The Quiet Radicalism of Tracy Chapman

by Dec 28, 2016Music

Featured image by Hans Hillewaert, CC BY-SA 4.0

In 1993, Toni Morrison, the recipient of the Nobel Prize in Literature, delivered her acceptance speech at the Nobel ceremony in Stockholm. “For our sake and yours,” she implored her audience, “forget your name in the street; tell us what the world has been to you in the dark places and in the light.” Five years earlier, a twenty-three-year-old woman had done just that when she released a debut album under her own name. That album, Tracy Chapman, went multi-platinum and garnered the woman Tracy Chapman widespread critical praise and six Grammy nominations, of which she won three. And though often denied that kind of critical worship lavished on other politically minded singer-songwriters, Tracy Chapman the woman and Tracy Chapman the album are more revolutionary than they’ve ever been.

If Tracy Chapman’s life were a movie, one could easily accuse the screenwriters of hacky work–Glitter with a twist. After a few years of busking and performing in Cambridge coffee houses, Chapman was discovered by a Tufts University classmate who helped facilitate a contract with his father, who conveniently owned a music publishing firm. She was then signed to Elektra Records, released her album and was swiftly catapulted to the highest stratum of musical success. Through almost thirty years of waxing and waning fame, Chapman has released eight original albums, a greatest hits compilation has continued touring and social justice work.

Tracy Chapman is composed of eleven songs. Two are love songs, one is about seizing the day, and the rest are about what can be vaguely defined as social issues. Of all the songs on the album, “Fast Car” is easily the most well-known. It has become one of the “great songs” whose ubiquity has almost destroyed our collective ability to appreciate them. Which is a shame, because it’s a damn good song.

“Fast Car” is ostensibly a song about the cycle of poverty and abuse suffered by many of the working poor, but more specifically it explores the human cost of these cycles and the tragedy of hope. The narrator of “Fast Car” is down-and-out, working at a convenience store and caring for her alcoholic father. She pleads with a lover to drive away with her and start over somewhere else, and eventually they relent but ultimately the narrator is left alone to manage a household, stuck in the life she’d hoped to outrun. Chapman delivers the verses sensitively but with restraint. During the chorus she swells and overflows: “Speed so fast I felt like I was drunk/ city lights laid out before us/ and your arm felt nice wrapped around my shoulder.” But always, she subsides. Dreams will yield before the bitter cold of reality, particularly for the most vulnerable.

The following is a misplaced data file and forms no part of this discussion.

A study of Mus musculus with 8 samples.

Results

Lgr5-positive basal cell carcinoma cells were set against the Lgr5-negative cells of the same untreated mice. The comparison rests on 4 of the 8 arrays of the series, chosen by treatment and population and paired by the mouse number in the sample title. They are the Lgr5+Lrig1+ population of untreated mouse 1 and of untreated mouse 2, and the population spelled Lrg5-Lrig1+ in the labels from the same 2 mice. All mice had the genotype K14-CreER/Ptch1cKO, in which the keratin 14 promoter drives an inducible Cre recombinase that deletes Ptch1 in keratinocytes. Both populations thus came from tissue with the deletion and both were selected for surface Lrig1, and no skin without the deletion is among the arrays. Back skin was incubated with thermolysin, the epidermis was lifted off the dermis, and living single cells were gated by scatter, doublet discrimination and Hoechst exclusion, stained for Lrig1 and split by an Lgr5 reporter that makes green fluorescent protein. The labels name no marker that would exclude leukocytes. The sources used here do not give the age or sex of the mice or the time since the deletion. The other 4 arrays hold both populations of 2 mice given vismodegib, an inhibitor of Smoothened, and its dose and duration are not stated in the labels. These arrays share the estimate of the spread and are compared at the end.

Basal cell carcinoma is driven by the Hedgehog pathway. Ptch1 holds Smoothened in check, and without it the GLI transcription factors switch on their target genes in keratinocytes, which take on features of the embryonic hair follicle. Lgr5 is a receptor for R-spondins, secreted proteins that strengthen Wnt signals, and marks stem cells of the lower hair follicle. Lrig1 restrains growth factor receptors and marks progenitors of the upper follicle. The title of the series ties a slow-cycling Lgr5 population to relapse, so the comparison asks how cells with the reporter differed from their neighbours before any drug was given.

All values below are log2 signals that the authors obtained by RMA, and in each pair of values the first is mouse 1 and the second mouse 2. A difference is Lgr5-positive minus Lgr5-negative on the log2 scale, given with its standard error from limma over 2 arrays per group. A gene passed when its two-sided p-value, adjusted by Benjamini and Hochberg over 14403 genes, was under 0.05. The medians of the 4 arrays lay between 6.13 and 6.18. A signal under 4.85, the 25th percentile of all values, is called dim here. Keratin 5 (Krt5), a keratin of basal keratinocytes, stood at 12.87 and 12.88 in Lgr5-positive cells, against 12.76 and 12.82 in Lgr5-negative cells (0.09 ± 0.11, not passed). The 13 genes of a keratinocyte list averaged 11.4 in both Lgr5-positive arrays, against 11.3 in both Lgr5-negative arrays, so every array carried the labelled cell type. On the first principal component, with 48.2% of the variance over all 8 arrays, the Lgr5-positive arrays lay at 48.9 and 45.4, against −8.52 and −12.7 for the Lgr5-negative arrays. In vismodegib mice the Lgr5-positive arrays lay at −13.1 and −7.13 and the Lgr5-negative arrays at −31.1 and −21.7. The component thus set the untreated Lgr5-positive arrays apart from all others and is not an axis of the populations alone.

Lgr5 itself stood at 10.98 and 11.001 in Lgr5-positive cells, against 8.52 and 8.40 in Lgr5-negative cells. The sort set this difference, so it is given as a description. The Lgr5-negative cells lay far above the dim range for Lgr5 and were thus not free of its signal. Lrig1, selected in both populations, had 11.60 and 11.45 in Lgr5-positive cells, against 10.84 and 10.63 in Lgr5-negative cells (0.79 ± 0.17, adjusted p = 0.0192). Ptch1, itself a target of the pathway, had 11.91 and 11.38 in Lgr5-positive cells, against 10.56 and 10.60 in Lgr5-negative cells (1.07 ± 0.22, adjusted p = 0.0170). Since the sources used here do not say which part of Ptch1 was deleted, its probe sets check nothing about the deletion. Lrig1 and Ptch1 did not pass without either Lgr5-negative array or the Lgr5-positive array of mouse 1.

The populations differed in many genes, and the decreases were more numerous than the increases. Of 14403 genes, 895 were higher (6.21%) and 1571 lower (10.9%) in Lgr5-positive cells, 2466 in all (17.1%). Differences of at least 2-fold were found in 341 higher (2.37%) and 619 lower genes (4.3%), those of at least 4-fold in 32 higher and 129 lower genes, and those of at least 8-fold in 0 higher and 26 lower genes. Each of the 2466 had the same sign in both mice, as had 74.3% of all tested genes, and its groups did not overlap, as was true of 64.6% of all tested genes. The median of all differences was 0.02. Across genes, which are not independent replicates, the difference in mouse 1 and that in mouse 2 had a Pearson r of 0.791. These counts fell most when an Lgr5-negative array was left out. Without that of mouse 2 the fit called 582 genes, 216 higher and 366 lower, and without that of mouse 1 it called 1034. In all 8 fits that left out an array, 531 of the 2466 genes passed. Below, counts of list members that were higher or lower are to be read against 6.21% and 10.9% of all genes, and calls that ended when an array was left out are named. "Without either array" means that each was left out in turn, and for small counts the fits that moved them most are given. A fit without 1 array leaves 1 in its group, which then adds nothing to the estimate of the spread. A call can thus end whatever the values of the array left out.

But “Fast Car” is only the beginning. “Across the Lines” is a mournful examination of racially motivated violence, “Talking ‘Bout a Revolution” prophesies a working-class uprising, and “For My Lover” explores the demonization of queer love. This is the quiet radicalism of Tracy Chapman. Chapman never rages, but stands modestly and steadfastly as a witness. She, as Morrison would later implore, tells what the world is in the dark and the light.

For many years, Tracy Chapman meant cleaning. My mother, preparing for her weekend cleaning routine would pull the jewel case from off the shelf and insert the CD into her stereo system. As she vacuumed and mopped our house into a sparkling oblivion, Chapman’s syrupy alto would fill the house. I remember feeling a connection to her through our shared last name, and because I found her strange, androgynous voice comforting. Sometimes I would sit and stare at the album cover, a sepia portrait of the artist as a young woman. In the picture she seems contemplative and sad, much older than the twenty-three year old she was at the time. I remember staring at the cover once and wondering who this woman was, what she was thinking. In many ways I’m still wondering.

That Tracy Chapman managed to become such an integral part of the fabric of a middle-class, white home in Spokane, Washington is telling. In hindsight, the fact that a queer, black woman who wrote folk songs about racism and domestic abuse managed to achieve a level of ubiquity that landed her in my mother’s CD player is nothing short of amazing.

I can’t help but think of Tracy Chapman when I examine this moment in history. We stand on the brink of an administration which seems poised to actively diminish the quality of life for many Americans. Due to our species’ greed and willful ignorance, our planet is fast approaching an ecological threshold past which lies oblivion. There is always power in rage, but maybe we can learn something from Tracy Chapman. If any kind of successful resistance to this administration is to be mounted, it will happen not only in the grand gestures of political theatre (which have rarely proven immediately helpful) but in the small, quiet actions of regular people, in our collective willingness to witness the dark and the light of the world and offer to help where we can. Perhaps, if we forget our individual names in the streets and speak truth to power as Toni Morrison asked and Tracy Chapman demonstrated, perhaps then we can create a world with more light than dark.